Morgan Spurlock Talks Inside Man

Filmmaker Morgan Spurlock tells TV Real about the genesis of the CNN original series Inside Man and offers up a sneak peek at what’s to come in the new season.

Bitcoin, immigration and online dating are among the subjects that filmmaker Morgan Spurlock—director, writer and star of the Oscar-nominated Super Size Me and self-described “human guinea pig”—has investigated for his CNN original series Inside Man. Season four of the show kicked off last week with an insider’s look at gambling—from casinos and horse racing to treating addiction—and continues this week with an exploration of the space industry. Inside Man airs on CNN in the U.S. on Friday nights and is available on the news network’s authenticated nonlinear platforms.

***Image***TV REAL: How did Inside Man first come about?
SPURLOCK: It came out of a meeting we had with Vinnie Malhotra [who led CNN Worldwide’s doc strategy until joining Showtime last year]. We were meeting with Vinnie about doing a movie and he said, “Do you have any TV projects?” He wanted to do smart series. [Inside Man] was a concept that we’d been developing for a while. Once we pitched it to CNN, they said, “That’s exactly the type of show we want to be making.” We closed the deal and were in production in six weeks—it was so fast. It really was “right place, right time.” My show and Tony [Bourdain’s] got picked up right around the same window, and now here we are on season four. It’s been incredible.

TV REAL: How do you decide where you want to go and what you want to investigate?
SPURLOCK: Every year we brainstorm the topics we think are relevant, what the problems [in society] are, what matters to people. We make a long list. We send it to the network and they knock off the ones they don’t like. They send it back to us and if there are things they knocked off that we liked, ***Image***we’ll fight for those or talk about why we should make them. And then we hone in on eight to ten—the top eight we can start producing, and if one of those doesn’t work out, we have two more to fall back on.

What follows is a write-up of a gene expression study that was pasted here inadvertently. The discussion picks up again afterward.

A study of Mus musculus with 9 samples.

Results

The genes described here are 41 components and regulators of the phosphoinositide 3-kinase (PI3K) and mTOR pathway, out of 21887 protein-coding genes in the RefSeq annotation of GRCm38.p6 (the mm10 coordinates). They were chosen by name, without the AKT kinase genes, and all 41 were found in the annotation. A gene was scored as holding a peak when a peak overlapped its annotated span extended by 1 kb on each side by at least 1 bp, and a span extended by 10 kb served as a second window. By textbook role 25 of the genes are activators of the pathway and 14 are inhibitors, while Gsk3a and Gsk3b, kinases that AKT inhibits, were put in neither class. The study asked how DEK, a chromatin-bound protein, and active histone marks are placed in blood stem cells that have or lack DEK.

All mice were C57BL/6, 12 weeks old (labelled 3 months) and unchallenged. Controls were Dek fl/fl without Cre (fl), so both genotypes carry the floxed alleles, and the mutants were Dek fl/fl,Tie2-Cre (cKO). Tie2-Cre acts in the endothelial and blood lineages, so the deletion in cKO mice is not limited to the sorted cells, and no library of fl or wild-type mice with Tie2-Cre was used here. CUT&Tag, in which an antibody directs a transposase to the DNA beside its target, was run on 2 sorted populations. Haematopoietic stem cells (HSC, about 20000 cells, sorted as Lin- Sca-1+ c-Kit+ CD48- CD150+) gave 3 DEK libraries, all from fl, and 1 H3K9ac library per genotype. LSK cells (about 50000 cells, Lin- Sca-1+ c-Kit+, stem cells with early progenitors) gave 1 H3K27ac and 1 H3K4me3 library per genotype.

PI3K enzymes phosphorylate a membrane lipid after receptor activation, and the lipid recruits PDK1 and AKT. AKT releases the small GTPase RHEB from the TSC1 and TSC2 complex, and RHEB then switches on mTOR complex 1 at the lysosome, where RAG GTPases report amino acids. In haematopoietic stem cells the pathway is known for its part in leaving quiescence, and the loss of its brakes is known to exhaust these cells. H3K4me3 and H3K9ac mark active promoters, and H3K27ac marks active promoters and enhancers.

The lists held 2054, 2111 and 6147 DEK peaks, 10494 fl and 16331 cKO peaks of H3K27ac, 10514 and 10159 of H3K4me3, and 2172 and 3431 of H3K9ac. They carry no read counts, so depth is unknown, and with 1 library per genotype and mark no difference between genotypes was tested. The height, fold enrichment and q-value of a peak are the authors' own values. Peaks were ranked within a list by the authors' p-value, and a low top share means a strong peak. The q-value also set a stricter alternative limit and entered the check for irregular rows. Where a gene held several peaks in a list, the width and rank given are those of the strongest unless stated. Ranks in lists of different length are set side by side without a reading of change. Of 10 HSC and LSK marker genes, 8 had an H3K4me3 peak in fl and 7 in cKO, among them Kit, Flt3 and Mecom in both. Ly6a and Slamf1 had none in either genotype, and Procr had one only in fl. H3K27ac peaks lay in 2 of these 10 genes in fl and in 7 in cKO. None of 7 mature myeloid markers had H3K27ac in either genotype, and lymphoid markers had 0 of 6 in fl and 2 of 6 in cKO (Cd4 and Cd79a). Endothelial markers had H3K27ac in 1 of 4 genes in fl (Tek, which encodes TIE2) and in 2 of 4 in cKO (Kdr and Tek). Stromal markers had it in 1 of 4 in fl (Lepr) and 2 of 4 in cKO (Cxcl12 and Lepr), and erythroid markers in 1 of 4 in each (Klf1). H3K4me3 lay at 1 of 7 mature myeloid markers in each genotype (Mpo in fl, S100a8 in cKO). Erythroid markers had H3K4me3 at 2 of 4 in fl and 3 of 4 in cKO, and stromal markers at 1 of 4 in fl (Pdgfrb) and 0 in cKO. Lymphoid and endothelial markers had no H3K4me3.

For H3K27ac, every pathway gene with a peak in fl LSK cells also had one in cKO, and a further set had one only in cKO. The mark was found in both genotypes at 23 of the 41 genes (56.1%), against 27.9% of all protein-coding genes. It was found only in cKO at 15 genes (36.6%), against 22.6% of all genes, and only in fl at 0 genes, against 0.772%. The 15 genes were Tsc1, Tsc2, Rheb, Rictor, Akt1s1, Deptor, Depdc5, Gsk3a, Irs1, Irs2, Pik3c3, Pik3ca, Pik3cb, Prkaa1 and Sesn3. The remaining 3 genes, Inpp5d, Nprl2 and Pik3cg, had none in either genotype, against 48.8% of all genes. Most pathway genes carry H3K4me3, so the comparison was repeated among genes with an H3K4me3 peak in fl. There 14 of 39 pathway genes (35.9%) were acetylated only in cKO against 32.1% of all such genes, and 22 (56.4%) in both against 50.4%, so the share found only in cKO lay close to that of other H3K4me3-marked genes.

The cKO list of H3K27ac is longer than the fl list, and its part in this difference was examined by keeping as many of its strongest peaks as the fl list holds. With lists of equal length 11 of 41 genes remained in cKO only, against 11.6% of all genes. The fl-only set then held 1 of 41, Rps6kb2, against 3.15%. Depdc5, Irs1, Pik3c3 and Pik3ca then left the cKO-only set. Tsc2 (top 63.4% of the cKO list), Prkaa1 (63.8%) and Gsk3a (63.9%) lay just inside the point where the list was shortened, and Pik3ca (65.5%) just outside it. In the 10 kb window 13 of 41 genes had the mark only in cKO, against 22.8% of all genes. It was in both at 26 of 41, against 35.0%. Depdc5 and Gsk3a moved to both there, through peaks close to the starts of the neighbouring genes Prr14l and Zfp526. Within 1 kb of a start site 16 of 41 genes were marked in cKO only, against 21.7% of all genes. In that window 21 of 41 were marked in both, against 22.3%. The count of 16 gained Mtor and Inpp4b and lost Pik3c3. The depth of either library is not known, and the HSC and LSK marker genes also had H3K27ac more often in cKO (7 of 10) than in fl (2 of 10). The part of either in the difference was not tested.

TV REAL: You look like you had a lot of fun making the space episode that airs this week.
SPURLOCK: The space episode is so exciting. We went to NASA to premiere the episode for all the folks who work [at the Johnson Space Center in] Houston. Growing up, this world [of space exploration] made all of us dream bigger, hope bigger for our own lives. This episode does a really great job of showing that this dreamer mentality, this reaching for the stars (no pun intended), is still happening, even though we may not see it every day. It’s an incredible time right now with regards to space travel and what’s possible. People like Elon Musk and Richard Branson have relit that fire; they’ve reignited this passion and excitement for space in a way that hasn’t happened since the creation of the space shuttle.

TV REAL: You only have 40-some minutes per episode—how do you pack enough information in so you’re giving the viewer an in-depth look at a topic?
SPURLOCK: When you start watching the show, it goes by so quickly because we cover so much ground in such a short period of time. I have a great team of producers. My showrunner, Matthew Galkin, and my co-producer and co-writer, Jeremy Chilnick, we all sit down with our team of producers and we’ll say, “Here are the things we think are great to talk about.” They come back with ideas for what we should be hitting on in the show. And then we start down that path. Sometimes that path leads you to gold and to excitement; sometimes it leads you into something completely different that you never thought of. We’ve been really blessed since season one to have such incredible producers.

TV REAL: I remember talking to Anthony Bourdain about how the filming of his show has been affected by him being more and more recognizable on his travels. How has it been for you?
SPURLOCK: The fact that it’s me just doing what I do, for people it’s almost like, I’ve been pranked into Morgan Spurlock’s life in some way! [Laughs] People know what they get with me. They know I’m not out to screw them over or put them on the spot… well, there are people we put on the spot, but it’s not really that kind of show so often. It’s much more about social explorations and social explanations.

TV REAL: Where else does season four take you?
SPURLOCK: One of my favorite episodes, which we’ve wanted to do for a long time, is all about the toxins that live in our world. This is one of those episodes where we’re putting some people on the spot. [The episode looks at] the chemicals you use to clean your house, the perfume you put on your body, the lotions on your skin, the furniture you buy that is covered in fire-retardant materials. [It’s about] the chemicals you’re exposed to on a daily basis that are carcinogenic and that you aren’t even aware of. This type of exploration is one of those that make people go, Holy cow, what am I doing! I think it’s going to be an eye-opening show for folks. We’re doing a great show about professional gamers that I also think is going to blow people’s minds. These are kids who are 18, 19 years old; they play video games all day and are making $1 million a year as professional gamers. It’s bananas!